By Jim McCloskey
I have a couple things to point out about the newsletter surrounding this blog:
[ ] This edition includes the introductory text for – and a link to – the twenty-first and final video in Eric Triplett’s amazing “PondCraft 101” series.
Eric originally prepared these videos as a means of letting interested consumers know what’s involved in designing and installing a small backyard pond. His unstated point is that even do-it-yourselfers need good guidance; he’s also aware that not-so-driven consumers might be persuaded to call a professional once he’s shown them how much truly hard work goes into getting things right.
He knows in addition – as we all should – that it’s preferable and far easier to work with well-informed clients who know something about what they’re getting into and what to expect rather than with ill-informed ones who don’t see what’s coming or know any of the right questions to ask.
When I contacted him about organizing these videos for WaterShapes EXTRA, it was clear that we both wanted to take the videos from their primary role in consumer education and, through Eric’s text introductions, define ways in which they were relevant to professional viewers as well, either as a refresher course or for staff training and development. It was a great pleasure assisting in this important expansion of purpose, and we appreciate Eric’s guidance in defining coverage that ranged well beyond raising the awareness of pond-hungry civilians.
[ ] In what I consider to be a wonderful handoff, this edition also opens a new series of “Technical Briefings,” this one courtesy of Rick Anderson, a pond designer and installer who offers what I considered calling PondCraft 301 or even 401 if “Technical Briefings” didn’t make more sense to me. In a handful of articles we’ll publish through the next several months, he offers a true master class in the fine points of pond, stream and waterfall design and installation that moves well beyond Mr. Triplett’s video series.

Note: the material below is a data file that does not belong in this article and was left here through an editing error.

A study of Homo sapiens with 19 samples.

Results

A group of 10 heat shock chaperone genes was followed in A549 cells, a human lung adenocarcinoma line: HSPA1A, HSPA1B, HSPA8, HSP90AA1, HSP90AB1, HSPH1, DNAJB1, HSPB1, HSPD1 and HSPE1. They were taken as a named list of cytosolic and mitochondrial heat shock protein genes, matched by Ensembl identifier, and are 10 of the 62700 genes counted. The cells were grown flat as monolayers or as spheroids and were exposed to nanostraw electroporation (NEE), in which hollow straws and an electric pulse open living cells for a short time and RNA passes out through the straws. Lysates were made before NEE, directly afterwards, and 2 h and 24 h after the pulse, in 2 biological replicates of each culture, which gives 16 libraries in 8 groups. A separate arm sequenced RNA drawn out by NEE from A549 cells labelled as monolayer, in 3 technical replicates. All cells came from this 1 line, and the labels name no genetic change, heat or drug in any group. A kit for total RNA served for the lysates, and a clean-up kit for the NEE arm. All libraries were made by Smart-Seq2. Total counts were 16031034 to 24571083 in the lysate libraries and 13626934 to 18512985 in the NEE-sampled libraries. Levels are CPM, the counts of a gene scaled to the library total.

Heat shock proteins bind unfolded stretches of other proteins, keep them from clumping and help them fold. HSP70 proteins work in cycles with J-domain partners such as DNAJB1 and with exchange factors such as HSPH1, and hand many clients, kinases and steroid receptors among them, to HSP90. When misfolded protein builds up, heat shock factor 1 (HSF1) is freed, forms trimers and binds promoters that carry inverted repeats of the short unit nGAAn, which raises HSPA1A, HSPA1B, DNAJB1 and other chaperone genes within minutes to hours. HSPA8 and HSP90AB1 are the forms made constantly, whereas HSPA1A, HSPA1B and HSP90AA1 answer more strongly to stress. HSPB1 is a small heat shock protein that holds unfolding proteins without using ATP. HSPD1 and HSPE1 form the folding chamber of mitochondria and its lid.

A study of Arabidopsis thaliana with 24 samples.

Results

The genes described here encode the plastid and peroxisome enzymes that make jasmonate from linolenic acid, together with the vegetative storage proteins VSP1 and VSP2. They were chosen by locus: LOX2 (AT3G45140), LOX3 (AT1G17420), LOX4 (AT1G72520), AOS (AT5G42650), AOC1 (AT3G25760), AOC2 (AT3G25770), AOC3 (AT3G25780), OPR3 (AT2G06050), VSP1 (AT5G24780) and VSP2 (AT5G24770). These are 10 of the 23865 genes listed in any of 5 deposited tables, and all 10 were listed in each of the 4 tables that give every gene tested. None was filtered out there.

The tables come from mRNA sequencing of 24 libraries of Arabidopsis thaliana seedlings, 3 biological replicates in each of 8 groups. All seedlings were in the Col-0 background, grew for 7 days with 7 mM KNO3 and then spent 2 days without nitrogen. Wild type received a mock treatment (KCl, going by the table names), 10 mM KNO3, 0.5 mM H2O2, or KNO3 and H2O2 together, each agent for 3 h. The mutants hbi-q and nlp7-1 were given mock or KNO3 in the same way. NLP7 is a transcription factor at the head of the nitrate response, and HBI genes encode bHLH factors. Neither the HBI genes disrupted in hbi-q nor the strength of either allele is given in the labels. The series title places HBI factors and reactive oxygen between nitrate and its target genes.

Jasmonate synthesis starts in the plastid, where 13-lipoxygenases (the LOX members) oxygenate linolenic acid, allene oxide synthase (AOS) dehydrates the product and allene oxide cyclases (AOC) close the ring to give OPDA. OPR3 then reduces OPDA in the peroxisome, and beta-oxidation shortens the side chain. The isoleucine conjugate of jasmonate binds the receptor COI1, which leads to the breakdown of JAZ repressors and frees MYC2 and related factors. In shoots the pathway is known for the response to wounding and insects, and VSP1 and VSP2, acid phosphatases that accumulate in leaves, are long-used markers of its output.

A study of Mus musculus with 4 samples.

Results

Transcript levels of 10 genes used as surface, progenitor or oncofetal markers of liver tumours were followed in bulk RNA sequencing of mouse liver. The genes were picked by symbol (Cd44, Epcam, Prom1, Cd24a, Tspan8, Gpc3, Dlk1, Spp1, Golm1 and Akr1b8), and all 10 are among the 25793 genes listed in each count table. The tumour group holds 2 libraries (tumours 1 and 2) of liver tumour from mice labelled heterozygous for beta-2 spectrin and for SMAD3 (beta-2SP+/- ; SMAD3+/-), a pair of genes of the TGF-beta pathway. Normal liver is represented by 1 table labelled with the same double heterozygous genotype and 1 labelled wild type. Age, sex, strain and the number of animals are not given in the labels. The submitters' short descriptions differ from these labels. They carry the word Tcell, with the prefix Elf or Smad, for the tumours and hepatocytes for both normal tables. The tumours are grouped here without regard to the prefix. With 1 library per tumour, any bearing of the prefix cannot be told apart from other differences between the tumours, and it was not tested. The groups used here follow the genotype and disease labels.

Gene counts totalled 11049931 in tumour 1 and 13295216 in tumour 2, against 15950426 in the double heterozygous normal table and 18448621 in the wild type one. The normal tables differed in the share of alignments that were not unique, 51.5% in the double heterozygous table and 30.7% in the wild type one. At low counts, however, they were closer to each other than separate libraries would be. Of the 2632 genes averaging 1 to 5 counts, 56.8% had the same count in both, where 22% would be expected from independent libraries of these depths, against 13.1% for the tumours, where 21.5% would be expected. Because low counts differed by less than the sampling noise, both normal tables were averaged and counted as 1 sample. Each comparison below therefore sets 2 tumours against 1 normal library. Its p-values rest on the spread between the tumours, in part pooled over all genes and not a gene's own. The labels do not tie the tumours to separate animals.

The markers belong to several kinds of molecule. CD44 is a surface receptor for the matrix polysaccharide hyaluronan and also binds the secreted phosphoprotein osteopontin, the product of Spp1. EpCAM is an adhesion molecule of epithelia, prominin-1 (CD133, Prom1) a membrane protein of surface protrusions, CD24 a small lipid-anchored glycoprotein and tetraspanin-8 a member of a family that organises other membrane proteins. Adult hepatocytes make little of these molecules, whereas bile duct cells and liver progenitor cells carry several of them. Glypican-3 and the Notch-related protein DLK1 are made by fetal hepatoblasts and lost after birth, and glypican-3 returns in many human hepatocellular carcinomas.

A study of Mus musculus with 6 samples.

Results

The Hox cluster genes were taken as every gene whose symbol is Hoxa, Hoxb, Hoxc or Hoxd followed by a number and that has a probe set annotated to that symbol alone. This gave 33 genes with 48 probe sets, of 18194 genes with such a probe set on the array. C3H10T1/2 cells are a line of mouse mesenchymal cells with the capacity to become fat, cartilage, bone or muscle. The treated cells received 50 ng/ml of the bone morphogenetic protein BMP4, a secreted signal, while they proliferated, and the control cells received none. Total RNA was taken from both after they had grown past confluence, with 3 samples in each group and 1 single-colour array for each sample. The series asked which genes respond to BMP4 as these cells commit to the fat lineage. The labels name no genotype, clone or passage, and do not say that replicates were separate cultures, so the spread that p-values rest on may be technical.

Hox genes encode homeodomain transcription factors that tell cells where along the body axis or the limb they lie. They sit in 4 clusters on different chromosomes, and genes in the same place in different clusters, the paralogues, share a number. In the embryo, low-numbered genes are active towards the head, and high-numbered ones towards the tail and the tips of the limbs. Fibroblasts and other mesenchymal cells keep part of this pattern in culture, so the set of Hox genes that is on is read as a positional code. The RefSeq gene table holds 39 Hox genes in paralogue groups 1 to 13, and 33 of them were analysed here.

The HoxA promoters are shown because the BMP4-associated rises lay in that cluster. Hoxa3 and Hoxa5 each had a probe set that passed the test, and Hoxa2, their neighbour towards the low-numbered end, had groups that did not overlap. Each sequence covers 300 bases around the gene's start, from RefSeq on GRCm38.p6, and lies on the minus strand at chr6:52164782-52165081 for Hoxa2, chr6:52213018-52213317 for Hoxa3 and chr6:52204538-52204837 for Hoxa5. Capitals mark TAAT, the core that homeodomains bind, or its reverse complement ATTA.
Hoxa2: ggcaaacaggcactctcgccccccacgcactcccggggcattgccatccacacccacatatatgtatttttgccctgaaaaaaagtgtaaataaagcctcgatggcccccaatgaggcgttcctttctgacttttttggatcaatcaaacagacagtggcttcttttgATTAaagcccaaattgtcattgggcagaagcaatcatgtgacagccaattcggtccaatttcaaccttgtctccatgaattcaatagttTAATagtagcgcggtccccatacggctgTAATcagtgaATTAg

Rick was among the first pond-side watershapers we worked with back when the magazine started in 1999. A robust mountain of a man who speaks of rocks and boulders as if they extensions of his physical frame, Rick participated in the roundtable discussion I moderated after the conclusion of The Whispering Crane Institute’s conference in the fall of 1999 (click here). I have credited him ever since with having fully opened my eyes to the potential there was for great beauty and sensitivity in manmade approximations of nature.
[ ] It’s tough to get my arms around it, but this newsletter also includes the first of the “WaterShapes Classics” entries in the 15-Years-Ago category. (Of course, had I been paying close enough attention to the basic math of WaterShapes’ history, I might have started revisiting 1999’s possibilities as early as February of this year.)
Suffice it to say that it’s remarkable to witness the turning of the years and process yet another significant reminder that time flies when you’re having fun.
I wrote with wonder last July about the University of Alabama’s decision to add a waterfall to its football team’s locker room, and I have to say that it still makes no sense to me that they would add a calming, relaxation-inducing feature to a space where the usual intention is to fire young men up to heightened states of physical aggression. Doesn’t this seem rather counterproductive?
Now I read that Ohio State’s football program is following suit, adding a waterfall of its own to facilities and a football program made famous by the soothing voice and overflowing tenderness of Woody Hayes.
As a Pac 12 guy, I don’t really have a horse in the race. I note, however, that while Alabama did quite well last season, its rush toward another national championship fell short of the mark. I don’t want to discourage Ohio State’s foray into creative watershaping, but maybe they should imitate some of the less relaxation-inducing parts of the Crimson Tide’s pathway to victory?